The Grand at Bedford Village Inn Opens in Style

Jack Carnevale's latest boasts bucolic chic



The bar offers small bites and a carefully curated wine selection

The tufted leather tuxedo couches in the lobby were the starting point for the interior design of the new Grand at the Bedford Village Inn. Owner Jack Carnevale picked them out himself. In fact, most of the interior design was chosen by Carnevale and his wife, Andrea. More than just pointing to objects in catalogs, the couple made several pilgrimages to High Point, NC, the mecca of interior design fulfillment, to complete this impressive $15-million-project.

At 67 years old, Carnevale is as dapper as ever, sporting the current menswear pairing of jeans and a sports jacket. He thrives on work and appears eager to give yet another tour of his latest project. What makes him so driven in the hospitality business? There always seems to be another improvement at the BVI. And it helps that he’s been at it since he was 16.

“I was a rabble-rouser growing up,” Carnevale says. “In fact, I was kicked out of the house at 16. I went to work at the Gould Hotel in Seneca Falls at the front desk, and they gave me a room. Eventually, after putting myself through college, I returned to the hospitality industry.”

“Nobody ever gave me a dime,” he says, “but I liked to dream big.” Looking at his newest endeavor, you’d be hard-pressed to claim he didn’t dream big enough.

The consummate host, Carnevale says of his work, “I just want to create something nice for people to enjoy.” This latest project, situated behind the Bedford Village Inn proper, is styled much like a large-scale Stanford White summer cottage with a touch of Dutch Colonial. You enter through a spacious portico and into the inviting lobby and adjacent lobby bar.

The bar has its own menu of small but inventive options, including duck confit poutine, moules-frites, bánh mi lettuce wraps, mini Grand burgers and a daily ceviche. A few sandwich, soup and dessert selections, including the inn’s signature Chocolate Bag, are also available.

With The Grand, Carnevale wants to capture the
hospitality of the grand hotel era.

“We designed the menu to offer small bites for guests before dinner or late night,” says Carnevale. Non-guests looking for a light meal and a nice glass of wine will be perfectly happy too. The bar has an interesting selection, including Carnevale’s favorite, Ferrari-Carano Chardonnay, stored in the custom cabinetry surrounding the bar. Of course, that is just part of the expansive list offered onsite at Corks, The Tavern and the myriad of rooms that comprise the Bedford Village Inn.

The Lobby Bar and adjacent patio are open to the public for dinner after 3:30 p.m. daily and for lunch and dinner on weekends. The patio space is inviting, with comfortable seating, umbrella tables, fire pits and a water feature. Carnevale says there will be entertainment in the space as well.

In guest areas, most of the artwork is animal-themed, with contemporary prints of domestic cows and wild birds scattered throughout the property. The Charolais Room, a mid-size function room for about 80 guests, plays on that theme more abstractly. Named for the pure-white Charolais cattle that used to occupy the property — and, indeed, which Carnevale had to shoo off Rte. 101 in one particularly memorable incident — the room is decorated with white-on-white abstract works crafted from handmade paper.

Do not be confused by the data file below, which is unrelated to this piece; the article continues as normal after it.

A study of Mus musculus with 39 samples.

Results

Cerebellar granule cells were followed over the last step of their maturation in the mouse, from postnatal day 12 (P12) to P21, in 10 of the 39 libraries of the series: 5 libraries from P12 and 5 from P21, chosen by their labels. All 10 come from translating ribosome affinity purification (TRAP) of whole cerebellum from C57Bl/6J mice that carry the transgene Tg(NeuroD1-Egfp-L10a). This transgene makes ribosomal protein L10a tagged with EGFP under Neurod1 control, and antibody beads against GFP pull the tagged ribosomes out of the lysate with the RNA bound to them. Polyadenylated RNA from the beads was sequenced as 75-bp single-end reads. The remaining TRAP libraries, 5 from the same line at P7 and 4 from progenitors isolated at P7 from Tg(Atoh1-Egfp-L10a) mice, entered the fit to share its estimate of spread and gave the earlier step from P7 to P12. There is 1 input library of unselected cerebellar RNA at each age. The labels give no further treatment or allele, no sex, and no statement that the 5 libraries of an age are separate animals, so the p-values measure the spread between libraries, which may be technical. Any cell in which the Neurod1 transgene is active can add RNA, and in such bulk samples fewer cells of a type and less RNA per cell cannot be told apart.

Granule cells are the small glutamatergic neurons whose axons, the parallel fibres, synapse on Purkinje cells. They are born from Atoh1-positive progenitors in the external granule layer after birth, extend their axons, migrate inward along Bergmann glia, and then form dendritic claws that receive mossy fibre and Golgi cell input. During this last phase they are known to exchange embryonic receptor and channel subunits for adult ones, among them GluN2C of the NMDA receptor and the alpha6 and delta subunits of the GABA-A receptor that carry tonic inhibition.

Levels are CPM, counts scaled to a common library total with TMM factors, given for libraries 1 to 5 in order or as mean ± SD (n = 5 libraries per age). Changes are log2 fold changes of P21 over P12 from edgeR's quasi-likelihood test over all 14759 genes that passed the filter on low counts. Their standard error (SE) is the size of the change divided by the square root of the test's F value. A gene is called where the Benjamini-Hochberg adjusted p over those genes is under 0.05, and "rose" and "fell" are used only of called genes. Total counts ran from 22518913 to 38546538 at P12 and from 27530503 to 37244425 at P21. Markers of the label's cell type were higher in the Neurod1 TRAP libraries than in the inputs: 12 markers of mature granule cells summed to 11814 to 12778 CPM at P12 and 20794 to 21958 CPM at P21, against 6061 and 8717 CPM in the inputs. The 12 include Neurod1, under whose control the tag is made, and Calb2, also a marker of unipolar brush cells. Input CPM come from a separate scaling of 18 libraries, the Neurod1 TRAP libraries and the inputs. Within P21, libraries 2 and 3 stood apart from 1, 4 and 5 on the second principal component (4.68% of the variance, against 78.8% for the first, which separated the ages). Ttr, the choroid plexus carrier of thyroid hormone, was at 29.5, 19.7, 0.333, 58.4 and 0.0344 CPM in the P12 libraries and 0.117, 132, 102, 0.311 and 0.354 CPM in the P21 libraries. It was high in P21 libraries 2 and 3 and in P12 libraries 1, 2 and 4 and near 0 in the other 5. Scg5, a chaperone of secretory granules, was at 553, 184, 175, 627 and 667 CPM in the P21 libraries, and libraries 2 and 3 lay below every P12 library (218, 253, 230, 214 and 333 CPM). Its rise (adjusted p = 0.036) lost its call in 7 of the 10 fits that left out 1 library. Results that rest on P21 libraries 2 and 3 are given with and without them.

Again wanting the best for his guests, Carnevale opted for a saltwater pool at The Grand instead of the typical chlorine variety. He says they are starting to see more families as guests and feels that’s because of the top-notch pool. It is heated too, so it will stay open for all four seasons.

The exterior of The Grand

There are a total of 50 guest rooms at The Grand, ranging from the 850-square-foot Tower Suite to Junior Suites with two queen beds and fireplaces to standard rooms. All the rooms have two upholstered chairs — “it just makes sense,” Carnevale says — so you’ll never have to quibble over who gets the comfy seat. All the décor matches the of-the-moment “greige” color palette, with grays and beiges in the carpet, the walls and the bedding ordered from Company C in Concord. It’s the Elan pattern and is 100-percent organic cotton.

The bathrooms really spell elegance, with Carrara marble countertops and, in the larger rooms, a separate tub and shower sporting a rain head for a relaxing rinse. The spacious baths are also right on trend in shades of white and gray.

There are several fully equipped conference rooms, and the fitness center is designed by the same fellow who designed Tom Brady’s home gym. “That’s all I needed to hear,” says Carnevale.

The architecture may hark back to older times, but this inn also has grand new technology to keep it energy-efficient. Computers balance the ebb and flow of heat, and hot water is pumped on demand, while electric car chargers stand ready in the parking lot. Carnevale made sure everything was soundproofed room to room and floor to floor. “The family spent a night to make sure everything was quiet and comfortable,” he adds.

With The Grand, Carnevale wants to capture the hospitality of the grand hotel era. Admittedly, not all activities will be found on site, but he wants to bring in a few options and let people know what’s out there to explore. Assuredly, The Grand will bring respite to weary travelers and escape to vacationers in a luxurious style. As an experienced hotelier, he has that nailed. The only question now is, what is he planning next?